Built between the late 15th century and the late 16th century, the eight fresco-painted monasteries in Northern Moldovia were inspired by Byzantine art. The frescoes covering the walls of these monasteries depict religious figures such as angels, saints, prophets, and some scenes from the Bible. The siege of Constantinople is also an important theme in all the eight churches. Seven of the monastery churches have been on UNESCO’s World Heritage List since 1993, while Sucevita is on the waiting list.
Built in 1532, Moldovița Monastery is an Orthodox Church in the village of Vatra Moldovitei. The frescoes covering both the interior and exterior walls worked like a protection charm against Protestant and Islamic provinces that bordered Romania. Moldovița also has the best-preserved Siege of Constantinople-themed fresco among the eight monasteries.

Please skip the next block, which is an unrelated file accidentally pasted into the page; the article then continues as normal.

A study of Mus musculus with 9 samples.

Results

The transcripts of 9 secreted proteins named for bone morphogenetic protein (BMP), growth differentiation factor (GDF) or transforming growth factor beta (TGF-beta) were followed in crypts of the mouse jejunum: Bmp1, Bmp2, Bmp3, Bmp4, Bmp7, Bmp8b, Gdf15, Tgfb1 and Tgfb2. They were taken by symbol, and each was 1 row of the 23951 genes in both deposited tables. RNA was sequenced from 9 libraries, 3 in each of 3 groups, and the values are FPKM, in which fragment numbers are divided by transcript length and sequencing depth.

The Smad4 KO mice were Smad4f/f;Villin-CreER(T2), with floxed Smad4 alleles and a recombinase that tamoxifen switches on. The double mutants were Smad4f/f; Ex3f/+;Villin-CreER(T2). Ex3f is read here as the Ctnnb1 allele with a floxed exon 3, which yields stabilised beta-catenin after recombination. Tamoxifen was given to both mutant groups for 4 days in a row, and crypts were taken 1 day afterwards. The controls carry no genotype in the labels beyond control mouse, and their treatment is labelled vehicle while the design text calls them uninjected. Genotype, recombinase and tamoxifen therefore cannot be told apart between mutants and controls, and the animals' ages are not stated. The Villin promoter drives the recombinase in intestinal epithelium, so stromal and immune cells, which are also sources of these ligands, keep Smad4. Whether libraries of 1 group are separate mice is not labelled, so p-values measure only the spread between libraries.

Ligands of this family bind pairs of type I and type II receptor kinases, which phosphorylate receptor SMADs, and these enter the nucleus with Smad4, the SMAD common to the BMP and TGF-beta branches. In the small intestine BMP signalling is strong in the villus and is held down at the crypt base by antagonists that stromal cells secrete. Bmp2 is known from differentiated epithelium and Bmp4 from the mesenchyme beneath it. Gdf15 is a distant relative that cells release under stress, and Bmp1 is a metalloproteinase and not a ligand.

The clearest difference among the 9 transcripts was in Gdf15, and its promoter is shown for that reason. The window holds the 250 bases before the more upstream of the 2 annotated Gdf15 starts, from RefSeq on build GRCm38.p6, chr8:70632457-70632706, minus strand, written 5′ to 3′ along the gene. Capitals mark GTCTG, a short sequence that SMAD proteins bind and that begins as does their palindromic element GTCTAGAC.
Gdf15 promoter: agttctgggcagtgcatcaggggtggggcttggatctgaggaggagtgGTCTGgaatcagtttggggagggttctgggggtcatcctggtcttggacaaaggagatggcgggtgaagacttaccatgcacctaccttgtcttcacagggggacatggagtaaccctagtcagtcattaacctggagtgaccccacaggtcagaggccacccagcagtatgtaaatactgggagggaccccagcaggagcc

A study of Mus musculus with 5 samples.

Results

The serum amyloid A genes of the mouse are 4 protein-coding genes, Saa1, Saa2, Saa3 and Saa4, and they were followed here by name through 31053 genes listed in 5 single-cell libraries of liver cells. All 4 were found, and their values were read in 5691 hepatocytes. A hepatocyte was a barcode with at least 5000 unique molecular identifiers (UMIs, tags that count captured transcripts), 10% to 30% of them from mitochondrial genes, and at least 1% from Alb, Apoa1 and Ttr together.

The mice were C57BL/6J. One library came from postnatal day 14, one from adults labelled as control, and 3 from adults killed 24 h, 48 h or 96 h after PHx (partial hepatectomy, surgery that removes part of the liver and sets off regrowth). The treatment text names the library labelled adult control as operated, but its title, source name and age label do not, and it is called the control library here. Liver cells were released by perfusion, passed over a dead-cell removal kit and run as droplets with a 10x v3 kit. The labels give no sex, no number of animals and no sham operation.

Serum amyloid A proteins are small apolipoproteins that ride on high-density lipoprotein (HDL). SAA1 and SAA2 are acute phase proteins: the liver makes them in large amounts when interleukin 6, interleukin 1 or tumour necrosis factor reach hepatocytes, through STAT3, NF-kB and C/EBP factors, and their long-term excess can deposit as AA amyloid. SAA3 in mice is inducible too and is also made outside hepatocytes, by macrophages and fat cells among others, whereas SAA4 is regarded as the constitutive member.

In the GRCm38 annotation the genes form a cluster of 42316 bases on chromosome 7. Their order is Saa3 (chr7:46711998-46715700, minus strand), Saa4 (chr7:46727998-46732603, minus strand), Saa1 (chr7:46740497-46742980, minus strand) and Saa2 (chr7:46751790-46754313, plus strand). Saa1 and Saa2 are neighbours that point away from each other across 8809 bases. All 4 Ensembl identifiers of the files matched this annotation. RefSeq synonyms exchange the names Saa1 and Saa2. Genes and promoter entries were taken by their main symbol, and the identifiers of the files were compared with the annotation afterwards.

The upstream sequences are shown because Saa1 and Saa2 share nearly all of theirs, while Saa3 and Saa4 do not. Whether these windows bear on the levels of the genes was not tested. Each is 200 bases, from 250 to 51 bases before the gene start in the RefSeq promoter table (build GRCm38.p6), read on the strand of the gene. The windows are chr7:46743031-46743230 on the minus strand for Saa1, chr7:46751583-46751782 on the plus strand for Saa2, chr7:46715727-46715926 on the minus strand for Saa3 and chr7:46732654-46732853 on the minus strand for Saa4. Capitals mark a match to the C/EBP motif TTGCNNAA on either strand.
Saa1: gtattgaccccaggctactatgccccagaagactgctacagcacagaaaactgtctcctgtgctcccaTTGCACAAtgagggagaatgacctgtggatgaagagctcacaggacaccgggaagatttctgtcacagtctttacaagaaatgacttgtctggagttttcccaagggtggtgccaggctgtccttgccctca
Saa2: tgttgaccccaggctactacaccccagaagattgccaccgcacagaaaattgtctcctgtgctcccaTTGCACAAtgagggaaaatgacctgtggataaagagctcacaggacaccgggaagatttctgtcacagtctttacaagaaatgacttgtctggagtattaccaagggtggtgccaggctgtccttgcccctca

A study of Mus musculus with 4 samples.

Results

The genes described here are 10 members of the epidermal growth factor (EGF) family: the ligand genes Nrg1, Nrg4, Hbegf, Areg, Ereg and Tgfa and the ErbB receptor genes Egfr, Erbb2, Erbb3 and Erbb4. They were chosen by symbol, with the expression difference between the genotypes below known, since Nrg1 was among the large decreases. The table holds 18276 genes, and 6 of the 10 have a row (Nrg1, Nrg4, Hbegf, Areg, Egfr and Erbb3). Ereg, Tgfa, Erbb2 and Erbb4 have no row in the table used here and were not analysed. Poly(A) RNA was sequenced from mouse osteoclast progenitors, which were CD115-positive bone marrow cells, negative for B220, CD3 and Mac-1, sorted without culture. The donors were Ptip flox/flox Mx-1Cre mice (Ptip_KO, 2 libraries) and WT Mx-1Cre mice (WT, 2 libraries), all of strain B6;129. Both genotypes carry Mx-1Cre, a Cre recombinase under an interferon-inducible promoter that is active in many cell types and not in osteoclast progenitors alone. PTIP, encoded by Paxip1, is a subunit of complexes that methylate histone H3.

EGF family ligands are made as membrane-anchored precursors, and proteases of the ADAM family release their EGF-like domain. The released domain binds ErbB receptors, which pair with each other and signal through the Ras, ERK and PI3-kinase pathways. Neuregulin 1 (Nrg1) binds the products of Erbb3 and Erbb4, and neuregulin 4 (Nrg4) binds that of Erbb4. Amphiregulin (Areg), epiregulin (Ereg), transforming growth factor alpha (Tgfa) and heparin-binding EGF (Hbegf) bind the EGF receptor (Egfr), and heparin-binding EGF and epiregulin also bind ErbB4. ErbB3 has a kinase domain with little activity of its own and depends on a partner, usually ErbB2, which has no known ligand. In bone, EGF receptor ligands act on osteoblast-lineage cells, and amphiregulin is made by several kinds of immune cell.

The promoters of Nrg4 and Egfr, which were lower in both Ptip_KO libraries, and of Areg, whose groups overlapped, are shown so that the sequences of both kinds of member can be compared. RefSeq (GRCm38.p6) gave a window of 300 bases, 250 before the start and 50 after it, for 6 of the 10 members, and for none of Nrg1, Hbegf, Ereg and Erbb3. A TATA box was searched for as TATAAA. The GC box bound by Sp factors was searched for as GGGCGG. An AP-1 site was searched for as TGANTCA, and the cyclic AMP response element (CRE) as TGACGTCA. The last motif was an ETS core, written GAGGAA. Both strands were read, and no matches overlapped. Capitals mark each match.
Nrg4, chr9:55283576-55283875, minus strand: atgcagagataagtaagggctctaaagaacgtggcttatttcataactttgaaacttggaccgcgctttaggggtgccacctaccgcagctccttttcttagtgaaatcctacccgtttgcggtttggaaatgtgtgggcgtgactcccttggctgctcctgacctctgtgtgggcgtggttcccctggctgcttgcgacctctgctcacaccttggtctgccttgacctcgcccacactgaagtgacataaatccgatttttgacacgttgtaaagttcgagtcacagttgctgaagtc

Sucevița is a fortified monastery complex founded in 1581. Perhaps the most impressive fresco of its church is the Ladder to Paradise which consists of red-winged angels in orderly rows. In this scene, the believers climb up the ladder while the sinners fall into hell.
Also known as the “Sistine Chapel of the East”, Voroneț Monastery was founded in 1487, following a victory of the Turks. Following an interruption period between 1785 and 1991, the complex continued to function as a monastery. Today, the nuns also run a painting workshop and give guided tours to visitors.
Humorului or Humor Monastery
Pătrăuți Monastery, built in 1487, is the oldest of the eight monasteries. Unfortunately, most of the frescoes deteriorated over the centuries. Only the church and a wooden bell tower of the monastic complex could survive until today.